Anti-Muslim sentiment drives some Muslim Americans to hide their identity.
By Rachel Boehm
The young woman (who asked that her name not be used) dresses for the airport the same way she dresses for the Washington, D.C., Metro. “I try to look as normal as possible,” she said. Jeans and Abercrombie and Fitch, or other popular American brands are typical.
“I would make sure first of all that I’m not wearing anything that would bring too much attention to myself. I wouldn’t wear anything bulky, just something very light … Even my carry-on, I would make extra sure that it wouldn’t cause any attention as well,” she said. “I don’t exactly know how to explain it … like wearing a tunic, something that looks a little foreign, it’s just something I wouldn’t do.”
Her goal is to look as “non-Muslim” as possible — a look the native Chicagoan has been practicing since Sept. 11, 2001. She was younger than 18 at the time of 9/11 and is now working in the District. She travels frequently, and for the most part, has had few problems. But there was one Transportation Safety Administration search, she said, that helped set the tone for the precautions she takes today.
It was in New York City’s LaGuardia Airport just after 9/11. “It’s fine if they [the TSA] want to search me,” she said, “but I don’t appreciate it if they do it in front of other passengers.” The TSA consistently claims that airport screening measures are not based on religious or racial profiling.
Still, the stares she received from the other passengers were scrutinizing, she said, as if they were trying to find out what she was guilty of, what she had done wrong. This feeling of scrutiny, of being watched, is experienced by many Muslim Americans, and there is a constant fear they will be reported for no reason, she said.
After 9/11, when stories of hate crimes against Muslims started being reported, her parents told her “to be careful not to draw attention to herself,” she said. One year, the night before an Eid celebration to mark the end of Ramadan, someone placed a giant statue of a pig on the lawn adjacent to the family’s neighborhood mosque.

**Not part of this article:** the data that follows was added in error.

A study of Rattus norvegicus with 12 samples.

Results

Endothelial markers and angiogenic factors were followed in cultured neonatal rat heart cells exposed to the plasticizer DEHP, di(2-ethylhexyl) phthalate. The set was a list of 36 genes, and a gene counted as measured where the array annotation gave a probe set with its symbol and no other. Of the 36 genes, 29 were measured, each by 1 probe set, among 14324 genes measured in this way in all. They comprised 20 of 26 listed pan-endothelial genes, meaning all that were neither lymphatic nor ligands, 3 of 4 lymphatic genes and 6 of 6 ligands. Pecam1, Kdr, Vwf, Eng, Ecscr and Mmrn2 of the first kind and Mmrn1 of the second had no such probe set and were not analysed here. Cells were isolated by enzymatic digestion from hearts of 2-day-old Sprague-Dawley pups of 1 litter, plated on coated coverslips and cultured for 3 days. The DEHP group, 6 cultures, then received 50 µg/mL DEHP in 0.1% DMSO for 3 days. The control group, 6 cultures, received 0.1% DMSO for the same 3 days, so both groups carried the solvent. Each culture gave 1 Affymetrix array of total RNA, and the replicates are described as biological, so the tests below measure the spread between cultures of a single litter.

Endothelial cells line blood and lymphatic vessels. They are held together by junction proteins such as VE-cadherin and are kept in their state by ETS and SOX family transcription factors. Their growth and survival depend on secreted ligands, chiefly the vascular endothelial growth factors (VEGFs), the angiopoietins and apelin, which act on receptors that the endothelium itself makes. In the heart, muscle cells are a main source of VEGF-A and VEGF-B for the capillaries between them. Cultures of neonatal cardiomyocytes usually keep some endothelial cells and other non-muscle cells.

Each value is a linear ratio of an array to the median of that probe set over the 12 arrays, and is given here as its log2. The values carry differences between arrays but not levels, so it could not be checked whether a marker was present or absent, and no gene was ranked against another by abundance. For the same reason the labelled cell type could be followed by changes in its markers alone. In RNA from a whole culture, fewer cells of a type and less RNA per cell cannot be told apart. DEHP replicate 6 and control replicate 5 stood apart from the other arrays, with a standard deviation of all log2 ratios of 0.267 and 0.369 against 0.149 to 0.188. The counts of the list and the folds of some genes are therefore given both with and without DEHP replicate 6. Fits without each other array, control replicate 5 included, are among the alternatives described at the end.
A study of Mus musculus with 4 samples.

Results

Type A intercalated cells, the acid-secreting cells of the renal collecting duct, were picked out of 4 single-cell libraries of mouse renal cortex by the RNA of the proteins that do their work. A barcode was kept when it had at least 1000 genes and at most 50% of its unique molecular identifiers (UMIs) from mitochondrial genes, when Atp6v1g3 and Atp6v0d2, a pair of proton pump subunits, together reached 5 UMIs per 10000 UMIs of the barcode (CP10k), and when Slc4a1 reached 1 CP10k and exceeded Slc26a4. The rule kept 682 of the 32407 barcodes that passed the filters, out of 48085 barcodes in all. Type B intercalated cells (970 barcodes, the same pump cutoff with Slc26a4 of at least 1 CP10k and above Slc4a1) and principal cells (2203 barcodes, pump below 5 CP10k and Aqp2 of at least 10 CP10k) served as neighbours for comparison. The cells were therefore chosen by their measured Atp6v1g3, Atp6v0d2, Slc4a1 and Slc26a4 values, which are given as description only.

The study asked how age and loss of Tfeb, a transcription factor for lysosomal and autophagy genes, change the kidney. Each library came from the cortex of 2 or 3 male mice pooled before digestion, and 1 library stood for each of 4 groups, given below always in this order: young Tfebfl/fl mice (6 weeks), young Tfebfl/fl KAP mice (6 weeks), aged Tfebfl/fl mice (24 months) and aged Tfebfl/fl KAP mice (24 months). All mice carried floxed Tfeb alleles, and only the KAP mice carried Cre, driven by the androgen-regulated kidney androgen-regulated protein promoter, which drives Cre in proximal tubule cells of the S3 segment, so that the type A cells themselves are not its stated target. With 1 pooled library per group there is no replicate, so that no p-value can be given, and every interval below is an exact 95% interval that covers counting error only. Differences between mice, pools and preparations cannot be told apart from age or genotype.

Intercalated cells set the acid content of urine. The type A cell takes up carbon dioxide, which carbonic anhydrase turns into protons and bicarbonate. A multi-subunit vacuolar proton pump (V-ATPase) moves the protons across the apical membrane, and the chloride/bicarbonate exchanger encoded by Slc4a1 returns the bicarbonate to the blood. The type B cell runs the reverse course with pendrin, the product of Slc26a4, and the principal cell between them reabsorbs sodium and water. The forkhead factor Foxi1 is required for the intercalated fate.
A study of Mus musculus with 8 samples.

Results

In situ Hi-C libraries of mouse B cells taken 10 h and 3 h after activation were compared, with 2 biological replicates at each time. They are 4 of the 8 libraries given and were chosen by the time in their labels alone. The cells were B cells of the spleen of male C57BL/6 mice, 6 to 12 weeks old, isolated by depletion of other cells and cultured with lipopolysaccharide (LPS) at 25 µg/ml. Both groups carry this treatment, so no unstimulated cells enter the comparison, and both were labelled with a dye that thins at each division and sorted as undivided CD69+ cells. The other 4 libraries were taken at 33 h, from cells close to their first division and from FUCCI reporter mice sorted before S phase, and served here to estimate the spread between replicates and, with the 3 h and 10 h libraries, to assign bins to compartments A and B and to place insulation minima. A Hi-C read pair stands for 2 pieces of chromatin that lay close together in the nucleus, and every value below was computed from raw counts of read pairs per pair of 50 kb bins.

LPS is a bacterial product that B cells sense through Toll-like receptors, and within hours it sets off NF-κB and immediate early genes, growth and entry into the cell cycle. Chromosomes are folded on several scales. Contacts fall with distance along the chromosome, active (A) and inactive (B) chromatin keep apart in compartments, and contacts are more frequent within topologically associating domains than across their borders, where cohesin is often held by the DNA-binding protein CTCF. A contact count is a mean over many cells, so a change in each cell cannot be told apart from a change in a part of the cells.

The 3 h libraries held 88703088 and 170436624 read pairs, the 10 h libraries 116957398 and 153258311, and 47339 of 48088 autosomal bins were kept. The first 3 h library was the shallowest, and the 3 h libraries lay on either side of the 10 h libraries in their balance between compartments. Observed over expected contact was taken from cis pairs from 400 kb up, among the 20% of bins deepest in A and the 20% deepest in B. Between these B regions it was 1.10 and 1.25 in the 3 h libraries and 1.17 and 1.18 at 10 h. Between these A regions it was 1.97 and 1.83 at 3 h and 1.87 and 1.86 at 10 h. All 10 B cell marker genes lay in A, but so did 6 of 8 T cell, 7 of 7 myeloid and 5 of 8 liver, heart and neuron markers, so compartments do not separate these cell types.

The warning she received from her parents, the TSA search and instances of discrimination, both experienced and witnessed, have added up to what she describes as an ingrained sense of paranoia. Something that is harmful and hurtful, and the impact of which has not been widely discussed, she said.
“I feel there hasn’t been a lot of awareness of how young Muslim Americans are growing up here,” she said.
Muslim Stereotypes Linger
Anti-Muslim sentiment since 9/11 has caused many Muslim Americans to pull back from their Muslim identity, according to researcher John Esposito. Esposito is a professor of Religion and International Affairs at Georgetown University and the founding director of the Prince Alwaleed Bin Talal Center for Muslim-Christian Understanding. Esposito has been researching and studying Islam for over four decades.
According to Esposito, there has been media coverage surrounding Islamaphobia in America, but not in a way that has caught on with the larger population. “We still struggle with images, stereotypes, negative conventional wisdom despite empirical evidence that shows these stereotypes are not true,” Esposito said.
According to a 2009 Gallup study — on which Esposito worked — “when Muslim Americans are compared with Muslims around the world, they are often more similar to the [overall] U.S. population.”
“The fact is, we don’t need to rely on experts like me, or talking heads debating each other and the issue,” Esposito said. “We have the data that tells us what Muslim Americans think, what their attitudes are. Their views and integration into society. We can look at the data and say that the average Muslim American family is American.”
Yet the stereotypes persist; and the fears in society persist. Esposito described this climate as a “tsunami of anti-Mosque, anti-Muslim sentiment spreading across the country.” Not all Muslim Americans experience discrimination or hate crimes, Esposito said. But stories of these experiences are reported causing some Muslim Americans to downplay their heritage. Some, but not all.
It’s either, or, Esposito said. Some Muslim Americans have become more active and vocal, or begun to cover their hair — all in an effort to stand up to the negative views in society. Regardless, many young Muslim Americans grow up thinking that a significant number of Americans question their loyalty because of their Muslim identity, Esposito said.
“There is in a sense no where to run, no where to hide. You’re always going to be made aware of your identity by the broader society,” he said.
Despite the negative climate — the hearings on the Hill, the bullying at schools, the Quran burnings — the young woman said she is beginning to hear more reports in the media of interfaith dialogue. There is a young Muslim American community that is educated and finding its voice, she said.
If the last ten years have been marked with negative awareness, rhetoric and the impulse to blend into the larger American society, she said she hopes that the next ten years will be filled with increased knowledge, understanding and cross-cultural dialogue.
She would like to see the Muslim American communities become more involved with the larger American community; and the larger American community to become more knowledgeable of the Muslim culture and the Islamic religion. Depending on future world events, she said she believes it will happen.
“But also,” she said “I’m being very optimistic.”
(This article has included a redaction from an earlier version.)